Nike Air Vis Zoom Uptempo (1999)

The Nike Air Vis Zoom Uptempo.
Air Vis Zoom Uptempo


Player: Allan Houston

Colorway: black/white/royal/silver

Original Release: 1999

Retro: N/A

Designer: Eric Avar

Release Type: General release

Weight: 15.4 ounces


On May 16th, 1999, the New York Knicks made history when Allan Houston hit a game winning shot to eliminate the Miami Heat from the first round of the playoffs. In doing so, the Knicks became the second number 8 seed to defeat a number 1 seed in NBA playoff history, the other being the 1994 Denver Nuggets who defeated the Seattle Supersonics


The Nike Air Vis Zoom Uptempo, front view.
Air Vis Zoom Uptempo

Like the rest of the series, game 5 was a close affair with the fate of both teams coming down to one play. New York had possession with 4.5 seconds remaining in the game, down 77-76. Coach Jeff Van Gundy called the play: triangle. Charlie Ward inbounded the ball to a curling Allan Houston who hoisted a floater that bounced off the front of the rim, then the backboard and finally into the basket, putting the Knicks up 78-77 with 0.8 seconds left. Miami’s Terry Porter bricked a long range three as time expired, making the victory official for the Knicks.

It would be the beginning of a historical playoff run for New York, where they would become the first number 8 seed to reach the NBA finals, though they would ultimately lose to the San Antonio Spurs

The Nike Air Vis Zoom Uptempo, rear view.
Air Vis Zoom Uptempo

What was certainly the most famous shot of Allan Houston’s career, and arguably the most famous shot in Knicks history, was also important for another reason: the black/white/royal/silver Air Vis Zoom Uptempo that Houston was wearing. 

The Air Vis Zoom Uptempo released in 1999 as part of the Nike Alpha Project, an initiative that relied on collaborating with pro athletes to produce the latest innovations in clothing and sneakers. Although the Vis Zoom was originally advertised as being ideal for shooting guards, small forwards and power forwards, it became widely popular among all positions in both the NBA and NCAA.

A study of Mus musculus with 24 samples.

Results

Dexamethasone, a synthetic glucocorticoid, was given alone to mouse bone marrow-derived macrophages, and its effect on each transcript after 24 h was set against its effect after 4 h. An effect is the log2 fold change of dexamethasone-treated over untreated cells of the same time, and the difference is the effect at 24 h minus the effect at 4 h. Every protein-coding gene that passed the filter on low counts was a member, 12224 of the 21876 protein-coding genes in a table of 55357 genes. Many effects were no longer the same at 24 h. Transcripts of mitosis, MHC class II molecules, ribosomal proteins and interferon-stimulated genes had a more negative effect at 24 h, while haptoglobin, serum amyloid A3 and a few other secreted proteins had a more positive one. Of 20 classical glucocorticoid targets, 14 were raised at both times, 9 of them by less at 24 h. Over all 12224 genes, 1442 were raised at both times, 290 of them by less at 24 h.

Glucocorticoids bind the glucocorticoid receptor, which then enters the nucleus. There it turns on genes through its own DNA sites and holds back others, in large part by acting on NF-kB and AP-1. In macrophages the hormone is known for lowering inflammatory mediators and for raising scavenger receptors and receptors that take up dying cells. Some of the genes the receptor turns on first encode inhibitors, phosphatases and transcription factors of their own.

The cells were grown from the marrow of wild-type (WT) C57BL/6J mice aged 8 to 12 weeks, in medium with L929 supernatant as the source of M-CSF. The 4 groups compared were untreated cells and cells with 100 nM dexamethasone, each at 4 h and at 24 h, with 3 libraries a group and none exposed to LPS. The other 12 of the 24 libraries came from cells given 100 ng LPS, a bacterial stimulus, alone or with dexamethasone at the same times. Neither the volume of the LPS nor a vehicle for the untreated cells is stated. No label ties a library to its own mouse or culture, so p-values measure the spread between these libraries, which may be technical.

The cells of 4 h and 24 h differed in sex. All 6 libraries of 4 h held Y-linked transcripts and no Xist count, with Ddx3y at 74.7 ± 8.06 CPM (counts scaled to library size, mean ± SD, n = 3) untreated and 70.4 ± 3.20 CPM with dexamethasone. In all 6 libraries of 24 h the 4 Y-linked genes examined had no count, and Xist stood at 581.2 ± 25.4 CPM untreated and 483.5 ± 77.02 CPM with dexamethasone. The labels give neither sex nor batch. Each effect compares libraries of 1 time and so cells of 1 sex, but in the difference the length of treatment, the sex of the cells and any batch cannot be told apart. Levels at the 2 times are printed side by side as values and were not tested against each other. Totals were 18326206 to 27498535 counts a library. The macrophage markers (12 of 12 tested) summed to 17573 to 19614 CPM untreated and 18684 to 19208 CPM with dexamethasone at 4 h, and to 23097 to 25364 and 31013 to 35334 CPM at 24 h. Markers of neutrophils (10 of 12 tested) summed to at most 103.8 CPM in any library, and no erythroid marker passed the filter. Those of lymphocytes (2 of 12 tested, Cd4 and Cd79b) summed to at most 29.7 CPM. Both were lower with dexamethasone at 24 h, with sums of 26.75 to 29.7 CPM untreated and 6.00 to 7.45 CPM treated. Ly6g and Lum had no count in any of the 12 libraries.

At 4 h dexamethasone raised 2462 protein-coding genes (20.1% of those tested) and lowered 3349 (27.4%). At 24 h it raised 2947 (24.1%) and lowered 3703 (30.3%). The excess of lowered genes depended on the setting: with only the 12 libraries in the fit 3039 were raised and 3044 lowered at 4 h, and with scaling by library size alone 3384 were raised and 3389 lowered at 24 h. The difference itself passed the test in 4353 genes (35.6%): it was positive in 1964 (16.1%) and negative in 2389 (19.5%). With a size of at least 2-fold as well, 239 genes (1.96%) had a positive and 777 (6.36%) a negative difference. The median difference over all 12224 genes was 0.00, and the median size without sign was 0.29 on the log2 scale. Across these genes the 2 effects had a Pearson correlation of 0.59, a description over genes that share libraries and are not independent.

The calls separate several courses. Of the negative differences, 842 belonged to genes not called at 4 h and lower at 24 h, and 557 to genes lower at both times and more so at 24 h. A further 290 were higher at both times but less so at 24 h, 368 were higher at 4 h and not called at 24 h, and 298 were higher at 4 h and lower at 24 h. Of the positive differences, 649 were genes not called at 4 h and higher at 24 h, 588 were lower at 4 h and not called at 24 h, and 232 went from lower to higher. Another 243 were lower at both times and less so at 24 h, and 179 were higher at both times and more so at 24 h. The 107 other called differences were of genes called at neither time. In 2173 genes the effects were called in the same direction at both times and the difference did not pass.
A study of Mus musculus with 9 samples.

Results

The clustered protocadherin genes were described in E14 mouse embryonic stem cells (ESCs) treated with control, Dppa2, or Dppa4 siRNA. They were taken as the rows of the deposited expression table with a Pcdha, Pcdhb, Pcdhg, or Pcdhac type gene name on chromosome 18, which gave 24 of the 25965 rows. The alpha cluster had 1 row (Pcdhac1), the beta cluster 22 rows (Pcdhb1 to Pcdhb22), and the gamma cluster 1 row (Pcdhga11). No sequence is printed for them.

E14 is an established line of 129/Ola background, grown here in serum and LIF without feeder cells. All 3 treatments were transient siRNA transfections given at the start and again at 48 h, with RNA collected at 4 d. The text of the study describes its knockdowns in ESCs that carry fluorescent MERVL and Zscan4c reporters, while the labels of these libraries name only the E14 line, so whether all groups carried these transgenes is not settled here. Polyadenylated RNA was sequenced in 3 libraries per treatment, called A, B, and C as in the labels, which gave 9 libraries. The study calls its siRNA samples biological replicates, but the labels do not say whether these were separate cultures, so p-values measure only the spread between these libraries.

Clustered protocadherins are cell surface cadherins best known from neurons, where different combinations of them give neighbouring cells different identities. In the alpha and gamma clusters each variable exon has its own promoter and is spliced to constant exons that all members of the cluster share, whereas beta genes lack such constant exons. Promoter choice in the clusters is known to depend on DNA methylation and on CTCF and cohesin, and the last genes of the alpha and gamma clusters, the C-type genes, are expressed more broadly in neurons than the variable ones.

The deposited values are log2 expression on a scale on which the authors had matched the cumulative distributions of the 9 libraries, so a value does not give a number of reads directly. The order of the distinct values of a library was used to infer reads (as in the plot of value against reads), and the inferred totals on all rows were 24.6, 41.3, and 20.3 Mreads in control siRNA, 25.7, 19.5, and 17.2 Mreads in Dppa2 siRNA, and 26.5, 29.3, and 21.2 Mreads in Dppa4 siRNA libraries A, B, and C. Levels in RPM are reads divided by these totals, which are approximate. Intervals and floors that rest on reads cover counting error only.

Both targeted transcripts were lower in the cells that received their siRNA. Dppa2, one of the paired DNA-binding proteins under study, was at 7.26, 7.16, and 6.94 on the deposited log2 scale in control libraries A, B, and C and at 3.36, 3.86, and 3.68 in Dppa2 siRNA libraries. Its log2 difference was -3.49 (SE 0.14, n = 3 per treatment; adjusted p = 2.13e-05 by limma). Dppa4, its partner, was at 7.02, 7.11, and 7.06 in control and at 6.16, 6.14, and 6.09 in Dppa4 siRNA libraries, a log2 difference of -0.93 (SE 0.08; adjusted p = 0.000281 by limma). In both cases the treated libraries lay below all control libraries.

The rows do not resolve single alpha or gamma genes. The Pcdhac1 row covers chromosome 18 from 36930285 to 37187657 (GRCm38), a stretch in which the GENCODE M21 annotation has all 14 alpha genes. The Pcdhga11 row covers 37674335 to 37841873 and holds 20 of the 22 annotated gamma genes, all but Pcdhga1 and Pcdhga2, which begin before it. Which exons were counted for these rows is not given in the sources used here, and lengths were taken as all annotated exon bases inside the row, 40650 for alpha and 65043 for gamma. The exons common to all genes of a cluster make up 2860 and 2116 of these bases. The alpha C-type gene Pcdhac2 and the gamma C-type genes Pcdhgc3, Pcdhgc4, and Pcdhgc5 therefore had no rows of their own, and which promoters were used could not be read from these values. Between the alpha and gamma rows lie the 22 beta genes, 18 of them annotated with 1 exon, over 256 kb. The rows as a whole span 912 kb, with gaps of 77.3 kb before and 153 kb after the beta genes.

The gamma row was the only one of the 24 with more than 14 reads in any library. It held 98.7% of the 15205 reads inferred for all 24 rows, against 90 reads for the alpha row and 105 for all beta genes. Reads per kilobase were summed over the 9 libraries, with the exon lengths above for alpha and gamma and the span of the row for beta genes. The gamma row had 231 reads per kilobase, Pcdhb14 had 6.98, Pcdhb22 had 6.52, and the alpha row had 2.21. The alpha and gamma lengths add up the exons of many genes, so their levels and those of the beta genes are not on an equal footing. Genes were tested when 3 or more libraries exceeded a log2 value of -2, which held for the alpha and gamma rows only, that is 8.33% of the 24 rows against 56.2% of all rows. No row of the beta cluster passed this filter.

The Vis Zoom first released in the black/white/royal/silver colorway, though several other colorways, including multiple Team Bank colorways, would soon follow. While not a signature shoe, the Vis Zoom is often associated with Allan Houston as well as Khalid El-Amin of the UConn Huskies, both of whom led underdog teams to prominence during the 1999 postseason. 

The Nike Air Vis Zoom Uptempo, medial view.
Air Vis Zoom Uptempo


As the name suggests, the Vis Zoom was the first basketball shoe to feature visible Zoom Air units throughout the shoe. Previously known as tensile air, Zoom Air had long been a common yet unseen feature in many popular models prior to 1999. What made Zoom Air unique was that it provided similar cushioning to Air Max units, but was thinner, thus making the shoe lower to the ground.

From a performance standpoint, Zoom Air cushioning meant that it would be easier to maneuver in the shoe, especially for smaller quicker players who spent most of their on-court time making sudden changes in direction.

In addition to Zoom Air, the Vis Zoom featured a combination full-grain and smooth/floater leather upper, Dynamic-Fit spandex inner sleeve and a covered “monkey paw” on the inner ankle for support. The shoe weighed 15.4 ounces.

The Nike Air Vis Zoom Uptempo, bottom view.
Air Vis Zoom Uptempo


The Air Vis Zoom Uptempo retailed at $124.99 (about $192 in 2020 dollars). The shoe has not been retroed.